WHAT DO YOU WANT FROM YOUR
- Safe and effective
- Minimal side effects
- No anesthesia
- Outpatient treatment
- Covered by most insurance providers
Fox 4 News discussing IV ketamine treatments for treatment-resistant depression.
TREATMENT RESISTANT DEPRESSION
If you have depression but have had no progress with talk therapy, your medication is not working or the side effects are intolerable; you may have what is known as treatment resistant depression.
Two proven alternatives are available, Transcranial Magnetic Stimulation (TMS) and Electroconvulsive therapy (ECT).
Both are effective in the treatment of depression, but there are numerous differences in safety and treatment tolerance.
Approximately 58% of patients with treatment resistant MDD respond positively to TMS therapy.
Living with depression is hard, but Major Depressive Disorder (MDD) can be especially painful when one treatment
after another doesn’t help. You lose hope. Will you ever feel better?
Finding the right treatment can take time but TMS may be the treatment that will make you feel like you again.
IS TMS LIKE ECT?
TMS and Electroconvulsive Therapy (ECT) are both effective in the treatment of depression, but ECT is associated with more side effects and is significantly more intense.
ECT is performed in a hospital and you must be anesthetized and restrained during the procedure. ECT works by applying a brief electrical pulse to the brain that medically induces a seizure.
Transcranial Magnetic Stimulation (TMS) is a series of repetitive, brief and highly focused magnetic pulses, designed to stimulate brain cells.
In depressed patients, the electrical activity in certain areas of the brain is shown to be reduced. Using TMS targeted at these areas, we aim to re-awaken these cells, increasing brain activity to normal levels. TMS uses a focused electromagnet to rapidly pulse a magnetic field to the targeted area. The magnetic pulses induce an electrical current in the brain, stimulating the cells into activity. TMS is non-invasive and has very few side effects.
TMS is typically prescribed when antidepressants have failed, or the side effects are intolerable.
Antidepressants are systemic, which means that the medication is absorbed into the blood stream. This can cause numerous side effects. TMS is a non-invasive, outpatient procedure with no systemic side effects.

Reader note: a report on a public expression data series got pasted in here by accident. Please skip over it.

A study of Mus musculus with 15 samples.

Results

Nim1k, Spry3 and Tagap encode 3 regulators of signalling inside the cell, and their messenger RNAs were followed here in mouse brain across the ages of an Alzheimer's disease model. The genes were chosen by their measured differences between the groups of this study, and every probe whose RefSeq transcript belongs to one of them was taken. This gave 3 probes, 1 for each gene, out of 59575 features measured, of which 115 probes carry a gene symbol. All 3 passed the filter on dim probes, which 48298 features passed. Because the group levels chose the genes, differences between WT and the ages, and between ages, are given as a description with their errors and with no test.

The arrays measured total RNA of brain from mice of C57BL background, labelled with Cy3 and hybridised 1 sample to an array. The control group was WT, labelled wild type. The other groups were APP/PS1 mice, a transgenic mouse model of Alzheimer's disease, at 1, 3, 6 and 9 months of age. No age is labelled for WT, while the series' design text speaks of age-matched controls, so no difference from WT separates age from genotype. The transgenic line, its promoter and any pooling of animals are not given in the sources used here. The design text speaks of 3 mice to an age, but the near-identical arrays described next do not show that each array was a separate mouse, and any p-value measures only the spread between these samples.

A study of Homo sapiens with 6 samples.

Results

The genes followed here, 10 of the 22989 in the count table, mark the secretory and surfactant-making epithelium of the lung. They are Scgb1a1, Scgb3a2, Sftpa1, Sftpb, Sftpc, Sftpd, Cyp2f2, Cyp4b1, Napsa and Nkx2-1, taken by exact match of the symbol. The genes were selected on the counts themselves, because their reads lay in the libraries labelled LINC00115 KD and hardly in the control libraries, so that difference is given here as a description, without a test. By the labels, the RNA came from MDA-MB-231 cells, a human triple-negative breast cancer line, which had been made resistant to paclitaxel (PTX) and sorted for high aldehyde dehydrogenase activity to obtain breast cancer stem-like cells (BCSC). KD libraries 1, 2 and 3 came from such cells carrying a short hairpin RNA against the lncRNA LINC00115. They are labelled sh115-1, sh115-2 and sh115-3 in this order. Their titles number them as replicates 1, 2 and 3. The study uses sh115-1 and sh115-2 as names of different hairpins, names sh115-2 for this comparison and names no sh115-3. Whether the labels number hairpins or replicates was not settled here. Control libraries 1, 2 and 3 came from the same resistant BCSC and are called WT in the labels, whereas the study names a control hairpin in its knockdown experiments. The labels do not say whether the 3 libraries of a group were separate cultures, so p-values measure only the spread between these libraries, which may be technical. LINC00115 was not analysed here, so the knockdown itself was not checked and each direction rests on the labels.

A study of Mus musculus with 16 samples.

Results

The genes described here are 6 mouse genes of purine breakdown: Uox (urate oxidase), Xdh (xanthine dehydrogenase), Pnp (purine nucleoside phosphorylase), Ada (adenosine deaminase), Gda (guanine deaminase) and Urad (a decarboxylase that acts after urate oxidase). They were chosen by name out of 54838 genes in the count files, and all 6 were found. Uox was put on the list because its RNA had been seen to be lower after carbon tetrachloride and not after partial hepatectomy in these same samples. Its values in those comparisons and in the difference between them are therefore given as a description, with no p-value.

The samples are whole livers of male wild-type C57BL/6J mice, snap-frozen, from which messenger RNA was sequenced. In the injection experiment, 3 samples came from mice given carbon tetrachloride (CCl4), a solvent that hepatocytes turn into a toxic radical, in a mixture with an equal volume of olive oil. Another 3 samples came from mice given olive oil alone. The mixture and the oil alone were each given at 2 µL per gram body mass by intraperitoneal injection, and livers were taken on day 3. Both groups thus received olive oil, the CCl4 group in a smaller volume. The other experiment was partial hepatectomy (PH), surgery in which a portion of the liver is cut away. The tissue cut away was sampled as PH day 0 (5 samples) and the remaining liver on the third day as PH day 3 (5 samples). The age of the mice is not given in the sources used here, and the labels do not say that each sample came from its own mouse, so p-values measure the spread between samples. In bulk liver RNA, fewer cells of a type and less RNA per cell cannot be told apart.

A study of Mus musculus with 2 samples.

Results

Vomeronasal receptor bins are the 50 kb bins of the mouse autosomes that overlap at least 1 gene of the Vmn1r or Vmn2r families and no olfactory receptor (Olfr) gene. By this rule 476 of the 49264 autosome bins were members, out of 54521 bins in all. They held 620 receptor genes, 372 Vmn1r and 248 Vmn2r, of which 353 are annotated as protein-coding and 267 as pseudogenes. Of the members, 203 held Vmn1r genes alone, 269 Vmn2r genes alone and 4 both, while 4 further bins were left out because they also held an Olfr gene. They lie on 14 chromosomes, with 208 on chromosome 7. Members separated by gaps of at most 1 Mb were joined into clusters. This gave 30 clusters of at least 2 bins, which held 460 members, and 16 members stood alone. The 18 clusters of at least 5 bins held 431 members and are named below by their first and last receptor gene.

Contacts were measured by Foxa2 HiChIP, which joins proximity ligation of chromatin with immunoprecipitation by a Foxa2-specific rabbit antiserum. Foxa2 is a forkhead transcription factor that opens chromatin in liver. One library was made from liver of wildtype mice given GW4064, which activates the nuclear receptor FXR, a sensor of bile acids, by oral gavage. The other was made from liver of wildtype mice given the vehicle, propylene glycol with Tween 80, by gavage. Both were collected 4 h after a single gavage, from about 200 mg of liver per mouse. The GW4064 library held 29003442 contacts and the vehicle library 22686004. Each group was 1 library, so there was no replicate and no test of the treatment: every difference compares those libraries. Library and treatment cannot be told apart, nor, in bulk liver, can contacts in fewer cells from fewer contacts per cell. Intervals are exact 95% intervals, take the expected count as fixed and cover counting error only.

POSSIBLE SIDE EFFECTS
TMS is a safe and well tolerated treatment with very few side effects. Clinical studies show that the most common side effects are mild to moderate scalp discomfort and mild headaches, both of which are short term2.
In the US, TMS therapy is appropriate for adults with Major Depressive Disorder (MDD), who have failed to achieve satisfactory improvement from prior antidepressant medication in the current episode.
This means that if you have been diagnosed with MDD and medications are not working, or the side effects are intolerable, you should ask your doctor about TMS.
TMS is performed in a doctor’s office or clinic. Treatment sessions last less than 45 minutes and are typically performed 5 days per week, over a six-week period.
You will be seated in a comfortable chair, some measurements may be taken and you may be provided with earplugs.
Your doctor will position the magnetic coil on your head and treatment will begin. You may feel a moderate tapping on your head under the treatment coil and you will remain awake and alert throughout treatment.
Following your session, you will be able to drive home and you can resume normal activities for the rest of the day.
For Sarah, TMS has been a game changer. “I know experiences aren’t the same for everyone, but I could feel something like a rush of endorphins during my very first treatment. The symptoms of my depression immediately started to lessen. After my first course of therapy, I felt like a different person. I have since completed another full course of therapy and continue to receive maintenance treatments. TMS therapy has changed my quality of life tremendously.”